Parkinson’s disease: Is someone looking sullen? It could be a sign of the brain disease09/24/2020
Does someone close to you seem to look so sullen nowadays? It’s not that hard to crack a smile, you might think, but for some it is – they may have Parkinson’s.
In the early stages of the disease, the Mayo Clinic confirmed: “Your face may show little or no expression”.
This occurs when there is a loss of automatic movements, such as smiling when feeling happy.
Your dear beloved could be feeling over the moon, but their face would suggest otherwise.
The decreased ability to perform unconscious movements extend to an inability to blink or swing the arms while walking.
Such a disturbance occurs due to the loss of nerve cells within the brain – without them, levels of dopamine decrease.
Parkinson’s UK noted researchers are still uncertain as to why this interference begins.
However, they have identified three main symptoms of the condition: tremor, slowness of movement and rigidity.
Tremors are uncontrollable movements the body makes, such as the hand shaking.
Slowness of movement, medically known as bradykinesia, reveals itself when people with the condition begin talking with short, shuffling steps.
Others signs of bradykinesia include a lack of co-ordination that was there previously.
Rigidity means inflexible muscles, which can lead to muscle cramps and a “mask-like” expression (hence no smiling).
Another symptoms of the disease includes freezing – the sensation that the sufferer’s feet are glued to the ground.
It may feel as though the lower part of the body is stuck while the top half is able to move around.
This can last for several seconds or minutes, which can disturb the way someone walks.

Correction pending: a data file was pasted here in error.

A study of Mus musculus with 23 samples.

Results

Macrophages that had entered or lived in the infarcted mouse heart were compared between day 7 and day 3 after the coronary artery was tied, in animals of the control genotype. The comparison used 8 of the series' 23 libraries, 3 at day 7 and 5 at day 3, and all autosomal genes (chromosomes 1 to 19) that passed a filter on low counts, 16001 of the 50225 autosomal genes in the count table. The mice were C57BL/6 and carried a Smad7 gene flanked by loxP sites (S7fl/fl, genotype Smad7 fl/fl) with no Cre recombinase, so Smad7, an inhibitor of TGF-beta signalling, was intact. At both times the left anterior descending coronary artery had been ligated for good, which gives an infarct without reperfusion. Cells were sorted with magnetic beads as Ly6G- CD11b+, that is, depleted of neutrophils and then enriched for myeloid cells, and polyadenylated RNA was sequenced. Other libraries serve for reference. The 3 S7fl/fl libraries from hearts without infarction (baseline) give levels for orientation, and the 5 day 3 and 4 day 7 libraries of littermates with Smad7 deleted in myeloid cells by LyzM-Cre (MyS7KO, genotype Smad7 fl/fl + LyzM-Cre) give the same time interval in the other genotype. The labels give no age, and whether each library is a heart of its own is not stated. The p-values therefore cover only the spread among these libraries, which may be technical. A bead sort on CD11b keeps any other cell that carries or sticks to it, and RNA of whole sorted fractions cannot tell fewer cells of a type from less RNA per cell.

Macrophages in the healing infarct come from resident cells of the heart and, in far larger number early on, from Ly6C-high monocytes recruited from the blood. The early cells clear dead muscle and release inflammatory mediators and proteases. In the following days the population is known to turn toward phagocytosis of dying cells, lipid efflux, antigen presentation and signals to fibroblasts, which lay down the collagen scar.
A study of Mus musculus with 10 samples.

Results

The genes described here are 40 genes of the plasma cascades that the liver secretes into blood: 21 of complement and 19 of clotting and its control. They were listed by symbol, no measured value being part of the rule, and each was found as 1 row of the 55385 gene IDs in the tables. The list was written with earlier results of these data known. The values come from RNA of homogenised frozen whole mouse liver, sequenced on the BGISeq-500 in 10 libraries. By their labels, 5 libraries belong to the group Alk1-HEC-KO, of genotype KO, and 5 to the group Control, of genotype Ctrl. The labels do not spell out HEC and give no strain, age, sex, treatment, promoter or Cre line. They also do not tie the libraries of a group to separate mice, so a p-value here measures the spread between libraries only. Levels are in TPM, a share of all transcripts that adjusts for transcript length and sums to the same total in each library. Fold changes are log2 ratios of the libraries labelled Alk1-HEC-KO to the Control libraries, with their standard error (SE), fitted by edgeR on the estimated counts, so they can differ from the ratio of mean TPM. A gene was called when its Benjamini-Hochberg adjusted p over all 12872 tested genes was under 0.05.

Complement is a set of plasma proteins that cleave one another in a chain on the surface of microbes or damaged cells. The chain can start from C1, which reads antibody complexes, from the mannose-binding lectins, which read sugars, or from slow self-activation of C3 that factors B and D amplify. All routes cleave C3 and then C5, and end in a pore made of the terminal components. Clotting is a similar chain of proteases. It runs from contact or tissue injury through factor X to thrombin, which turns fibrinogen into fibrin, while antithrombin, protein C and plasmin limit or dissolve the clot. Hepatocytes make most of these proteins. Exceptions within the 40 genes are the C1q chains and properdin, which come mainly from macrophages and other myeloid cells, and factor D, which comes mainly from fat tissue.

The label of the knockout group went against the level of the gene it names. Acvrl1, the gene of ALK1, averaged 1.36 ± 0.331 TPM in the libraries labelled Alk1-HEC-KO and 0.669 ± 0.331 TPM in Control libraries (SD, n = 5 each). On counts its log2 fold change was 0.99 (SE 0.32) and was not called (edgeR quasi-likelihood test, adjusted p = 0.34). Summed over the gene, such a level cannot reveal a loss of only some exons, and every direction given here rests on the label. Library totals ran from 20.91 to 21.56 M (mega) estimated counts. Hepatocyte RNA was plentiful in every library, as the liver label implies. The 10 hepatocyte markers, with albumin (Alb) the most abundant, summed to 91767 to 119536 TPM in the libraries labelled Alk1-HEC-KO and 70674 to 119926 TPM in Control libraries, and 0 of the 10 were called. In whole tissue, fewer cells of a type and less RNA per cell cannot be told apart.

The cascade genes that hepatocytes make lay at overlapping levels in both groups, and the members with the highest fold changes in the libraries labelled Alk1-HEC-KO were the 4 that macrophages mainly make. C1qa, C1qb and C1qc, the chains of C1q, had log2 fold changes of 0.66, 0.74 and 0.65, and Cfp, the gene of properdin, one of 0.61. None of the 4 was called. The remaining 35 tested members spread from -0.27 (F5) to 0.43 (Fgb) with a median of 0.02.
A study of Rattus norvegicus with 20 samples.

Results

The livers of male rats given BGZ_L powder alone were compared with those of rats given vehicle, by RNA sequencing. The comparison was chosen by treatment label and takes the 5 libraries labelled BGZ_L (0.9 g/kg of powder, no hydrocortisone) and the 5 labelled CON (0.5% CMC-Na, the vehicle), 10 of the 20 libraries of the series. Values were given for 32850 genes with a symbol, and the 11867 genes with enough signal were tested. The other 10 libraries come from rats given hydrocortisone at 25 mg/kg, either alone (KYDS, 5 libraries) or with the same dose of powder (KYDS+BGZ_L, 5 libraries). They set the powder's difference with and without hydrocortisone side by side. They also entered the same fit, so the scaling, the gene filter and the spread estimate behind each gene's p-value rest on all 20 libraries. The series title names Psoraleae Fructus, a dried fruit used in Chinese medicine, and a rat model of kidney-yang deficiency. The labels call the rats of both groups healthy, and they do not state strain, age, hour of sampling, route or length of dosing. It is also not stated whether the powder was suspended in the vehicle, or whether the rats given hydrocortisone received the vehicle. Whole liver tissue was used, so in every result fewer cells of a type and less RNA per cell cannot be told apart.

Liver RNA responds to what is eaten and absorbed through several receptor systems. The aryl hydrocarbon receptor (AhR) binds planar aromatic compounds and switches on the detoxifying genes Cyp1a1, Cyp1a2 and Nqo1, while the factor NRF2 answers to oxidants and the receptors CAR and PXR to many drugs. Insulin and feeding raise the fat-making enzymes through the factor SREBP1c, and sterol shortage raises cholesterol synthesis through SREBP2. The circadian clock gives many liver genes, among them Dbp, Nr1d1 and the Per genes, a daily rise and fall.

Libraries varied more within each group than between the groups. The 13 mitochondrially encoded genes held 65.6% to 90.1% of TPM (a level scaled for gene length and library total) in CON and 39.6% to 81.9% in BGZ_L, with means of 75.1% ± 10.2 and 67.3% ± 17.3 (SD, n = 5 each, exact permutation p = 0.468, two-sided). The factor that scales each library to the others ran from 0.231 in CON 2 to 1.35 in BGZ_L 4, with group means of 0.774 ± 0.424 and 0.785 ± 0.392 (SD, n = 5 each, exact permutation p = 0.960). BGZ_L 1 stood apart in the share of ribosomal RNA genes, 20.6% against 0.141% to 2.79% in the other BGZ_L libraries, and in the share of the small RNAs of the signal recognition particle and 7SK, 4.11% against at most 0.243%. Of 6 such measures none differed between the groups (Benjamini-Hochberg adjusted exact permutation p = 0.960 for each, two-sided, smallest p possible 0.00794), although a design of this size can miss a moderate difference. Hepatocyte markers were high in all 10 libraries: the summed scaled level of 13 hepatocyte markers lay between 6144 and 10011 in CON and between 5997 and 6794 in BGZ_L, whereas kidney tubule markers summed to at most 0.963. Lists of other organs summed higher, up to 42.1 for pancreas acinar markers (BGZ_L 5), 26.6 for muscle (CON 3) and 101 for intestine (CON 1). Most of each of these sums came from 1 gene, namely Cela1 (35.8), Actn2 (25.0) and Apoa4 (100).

For example, it’s common for a person with Parkinson’s to feel stuck when they try to turn around.
Living with Parkinson’s disease can be debilitating, especially in the later stages.
As the condition worsens, people may not be able to dress or feed themselves.
This can be very upsetting for the person suffering from Parkinson’s, and loved ones who witness their gradual decline in functioning.
Parkinson’s UK hope to stop this suffering as much as possible in the following ways.
The charity’s mission is to “find a cure” for the movement disease, with new treatments being tested in clinical trials.
At present, researchers are looking into stem cell therapies, which looks at replacing damaged brain cells with healthy, living cells.
Another area of research is looking into whether medications – already on the market to treat other conditions – could be useful in treating Parkinson’s.
Gene therapy is also one area of interest, which uses the power of genetics to reprogram cells to adapt their behaviour to stay healthy and functioning for longer.